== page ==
News Clips


September 13, 2011

Long Beach Gazette: Court For Homeless Offers New Start

Long Beach Gazette | Jonathan Van Dyke

Michael Shanahan described what sounded like his own version of Groundhog Day.

For just about every day, at about 5 a.m., his blood alcohol level would drop just enough and it would wake him up. He woke up in a bush off of Redondo Avenue. Each time his body would feel like something beyond a hangover, he said — something far worse. It wasn’t always under the bush, but Shanahan woke up without a home for about eight straight years.

“The longer you’re out on the streets, the harder it is to get off them — I found that out,” he said. “It swallows you up.”

Shanahan is 52 years old. He has now been sober for a little more than two years.

“I’d always been on the streets, even when I had a place to stay,” he said, noting he had small bouts of homelessness even 30 years ago. “I’ve had a drug problem, but alcohol was my main problem. Alcohol really kicked my butt.”

On Thursday, Aug. 25, Shanahan completed one of the larger cogs in his overall life rehabilitation, going through the Los Angeles County Homeless Court Program. Everyone from his counselor, to public counsel to the city prosecutor have said that this second chance program was designed for a special kind of individual — and that Shanahan’s story fits that mold perfectly.

The specialized homeless court, which has been functioning for 10 years, was designed to target individuals who are currently homeless or close to it, said Christine Khalili-Borna, Public Counsel staff attorney dedicated to the Homeless Court program.

The person applying must have participated in case management for at least 90 days and he or she must not have had any police contact for at least 60 days. If those, and some other, standards are met, the court looks at possibly wiping that person’s legal slate (citations, warrants) clean — at least those minor, quality-of-life offenses (public intoxication, public urination, jaywalking).

“These things all kind of add to each other,” Khalili-Borna said. “By the end, they may end up owing thousands of dollars in fines they can’t afford as they are trying to get back on their feet.”

The program works with local prosecutorial agencies and the superior court — if all parties sign off, the tickets and citations can be suspended and the warrants rescinded.

City Prosecutor Douglas Haubert said he could barely believe it when he came across Shanahan’s name for the Homeless Court. He said he actually remembered the name from years back when he was just an entry-level prosecutor — he had to look into it.

Haubert contacted Substance Abuse Foundation counselor Debbie Wall, who was working with Shanahan and she gave a fairly glowing review.

“She basically said that it is a miracle this guy is still alive,” Haubert said. “He realized that if he did not turn his life around, he was not going to live for more than a week longer. As a result of that progress (he’d shown in the program), I was able to help give him a fresh start, and I hope he will continue on this path and become a productive member of society.”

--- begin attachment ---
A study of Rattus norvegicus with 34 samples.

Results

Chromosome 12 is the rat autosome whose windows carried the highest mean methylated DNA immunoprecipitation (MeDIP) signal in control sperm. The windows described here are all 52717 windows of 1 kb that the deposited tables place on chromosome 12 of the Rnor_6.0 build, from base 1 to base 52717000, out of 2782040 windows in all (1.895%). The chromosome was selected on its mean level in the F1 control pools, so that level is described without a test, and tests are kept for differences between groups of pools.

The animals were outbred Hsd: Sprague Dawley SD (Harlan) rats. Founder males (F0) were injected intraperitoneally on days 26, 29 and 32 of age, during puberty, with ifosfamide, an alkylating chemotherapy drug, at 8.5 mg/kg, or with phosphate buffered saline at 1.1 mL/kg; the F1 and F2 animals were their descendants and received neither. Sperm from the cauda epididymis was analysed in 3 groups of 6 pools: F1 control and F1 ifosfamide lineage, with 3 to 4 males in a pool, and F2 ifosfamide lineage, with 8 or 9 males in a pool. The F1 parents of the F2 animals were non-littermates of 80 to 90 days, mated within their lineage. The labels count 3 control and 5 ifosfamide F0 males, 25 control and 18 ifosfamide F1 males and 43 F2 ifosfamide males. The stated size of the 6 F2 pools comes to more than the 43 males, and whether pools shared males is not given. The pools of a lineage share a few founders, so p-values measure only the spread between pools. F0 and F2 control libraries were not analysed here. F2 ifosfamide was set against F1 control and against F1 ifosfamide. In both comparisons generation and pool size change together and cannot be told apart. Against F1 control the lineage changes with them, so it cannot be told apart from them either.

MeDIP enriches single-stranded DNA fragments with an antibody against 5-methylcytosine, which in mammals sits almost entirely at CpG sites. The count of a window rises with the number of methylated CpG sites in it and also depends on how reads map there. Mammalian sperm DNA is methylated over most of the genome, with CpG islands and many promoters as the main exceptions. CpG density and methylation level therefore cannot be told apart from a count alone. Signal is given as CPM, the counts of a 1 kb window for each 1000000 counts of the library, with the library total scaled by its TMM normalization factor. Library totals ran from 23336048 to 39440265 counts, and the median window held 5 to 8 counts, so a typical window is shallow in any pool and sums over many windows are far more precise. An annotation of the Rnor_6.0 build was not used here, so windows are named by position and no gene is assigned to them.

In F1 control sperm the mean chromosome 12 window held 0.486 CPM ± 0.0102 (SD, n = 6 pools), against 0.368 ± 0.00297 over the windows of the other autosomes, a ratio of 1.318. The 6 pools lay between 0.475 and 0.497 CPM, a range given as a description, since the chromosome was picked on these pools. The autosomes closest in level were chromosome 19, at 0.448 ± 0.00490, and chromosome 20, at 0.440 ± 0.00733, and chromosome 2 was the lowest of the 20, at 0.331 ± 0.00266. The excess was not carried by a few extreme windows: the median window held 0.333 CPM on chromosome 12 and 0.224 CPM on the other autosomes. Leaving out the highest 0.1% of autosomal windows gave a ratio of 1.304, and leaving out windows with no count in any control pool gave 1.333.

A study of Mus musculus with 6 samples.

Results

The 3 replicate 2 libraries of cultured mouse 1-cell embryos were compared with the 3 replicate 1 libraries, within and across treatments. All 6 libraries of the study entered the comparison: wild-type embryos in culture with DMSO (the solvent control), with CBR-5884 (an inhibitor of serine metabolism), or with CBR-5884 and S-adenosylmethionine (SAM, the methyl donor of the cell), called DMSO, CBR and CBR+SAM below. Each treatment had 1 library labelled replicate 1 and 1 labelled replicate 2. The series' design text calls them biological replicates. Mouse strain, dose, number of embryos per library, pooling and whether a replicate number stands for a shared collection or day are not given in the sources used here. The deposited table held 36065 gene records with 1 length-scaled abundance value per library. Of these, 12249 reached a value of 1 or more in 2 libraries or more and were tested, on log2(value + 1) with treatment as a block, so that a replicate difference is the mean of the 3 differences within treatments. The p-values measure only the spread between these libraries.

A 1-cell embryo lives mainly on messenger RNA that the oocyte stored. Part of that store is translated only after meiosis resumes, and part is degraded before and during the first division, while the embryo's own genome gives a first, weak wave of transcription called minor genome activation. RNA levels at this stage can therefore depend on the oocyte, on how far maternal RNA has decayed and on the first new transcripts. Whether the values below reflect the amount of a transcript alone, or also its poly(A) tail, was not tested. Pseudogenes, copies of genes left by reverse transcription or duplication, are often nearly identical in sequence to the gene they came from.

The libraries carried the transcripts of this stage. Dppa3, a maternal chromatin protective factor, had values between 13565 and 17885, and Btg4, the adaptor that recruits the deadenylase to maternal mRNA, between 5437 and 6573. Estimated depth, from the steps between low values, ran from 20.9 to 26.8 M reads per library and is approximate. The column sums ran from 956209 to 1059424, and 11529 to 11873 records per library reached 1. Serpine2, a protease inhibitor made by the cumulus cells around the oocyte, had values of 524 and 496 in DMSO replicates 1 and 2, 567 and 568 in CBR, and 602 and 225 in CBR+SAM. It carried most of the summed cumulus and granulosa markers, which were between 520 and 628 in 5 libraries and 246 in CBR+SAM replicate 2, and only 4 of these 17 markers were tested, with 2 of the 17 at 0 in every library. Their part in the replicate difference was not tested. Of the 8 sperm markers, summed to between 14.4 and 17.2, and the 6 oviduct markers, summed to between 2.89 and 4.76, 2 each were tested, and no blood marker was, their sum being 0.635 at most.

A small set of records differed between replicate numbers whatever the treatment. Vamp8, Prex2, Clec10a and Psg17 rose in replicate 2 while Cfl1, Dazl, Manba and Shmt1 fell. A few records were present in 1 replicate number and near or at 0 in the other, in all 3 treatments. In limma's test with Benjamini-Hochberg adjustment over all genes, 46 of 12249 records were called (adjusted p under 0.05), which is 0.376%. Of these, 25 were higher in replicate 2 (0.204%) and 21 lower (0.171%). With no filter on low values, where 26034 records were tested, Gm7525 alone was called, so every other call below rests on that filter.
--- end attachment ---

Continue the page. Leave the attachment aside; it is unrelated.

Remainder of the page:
Shanahan’s record included 45 previous convictions and nine outstanding warrants.

About two and a half years ago, Shanahan said he woke up under that bush at about 5 a.m. like he generally had and reached for a branch that he generally pulled himself up with — but this time it did not hold him up. He crashed back to the ground and urinated himself in the process.

“I said to myself, ‘This is it? What’s to become of me?’” he recalled. “I prayed and that was it — I knew I couldn’t take any more (of living that way).”

Shanahan went to a 10-day detoxification center, and then immediately afterwards he entered into the Salvation Army’s program — where he stayed for eight months before coming to the Substance Abuse Foundation, where he has stayed through the present.

“(That first contract with SAF) is for nine months and then they can stay even longer than that,” Wall said. “That’s one of the great things about this program. A 30/60/90-day program might only scratch the surface of their needs.”

SAF is 12-Steps based and it includes counseling, sober living housing and a large number of group sessions (i.e. anger management, family). Shanahan entered the program on April 14, 2010.

“I asked for help and got it, and God has been working through people such as Debbie here… I didn’t want to go out like that, so I took a chance,” Shanahan said. “I was willing to take a chance.”

Now, Shanahan said he’s been working toward better health (he said he had jaundice, pancreatitis, liver and kidney problems) and has begun taking courses at Long Beach City College — something he has wanted to do for some time now.

“It’s an emotional process, a rollercoaster, but I feel most addicts go through the same thing (getting sober),” he said. “I’m 100% better, I took care of those warrants and now I’m in school.”

As far as the legal woes that were erased?

“I see a cop, and for one minute I think, ‘Whoa,’ but then it’s okay now,” he said. “It’s a nice feeling.”

“He’s had those legal ramifications of his illness and now that he is in recovery and treatment, they’re willing to help rectify that and he was a great candidate for that reason,” Wall said.

Now, Shanahan said, it’s on to continue tackling issues and goals as he puts a lifetime of drinking and substance abuse behind him.

“It’s that old cliché, if I can do it, you can do it,” he said, of his message to others. “But you have to be willing to say I’ve had enough.”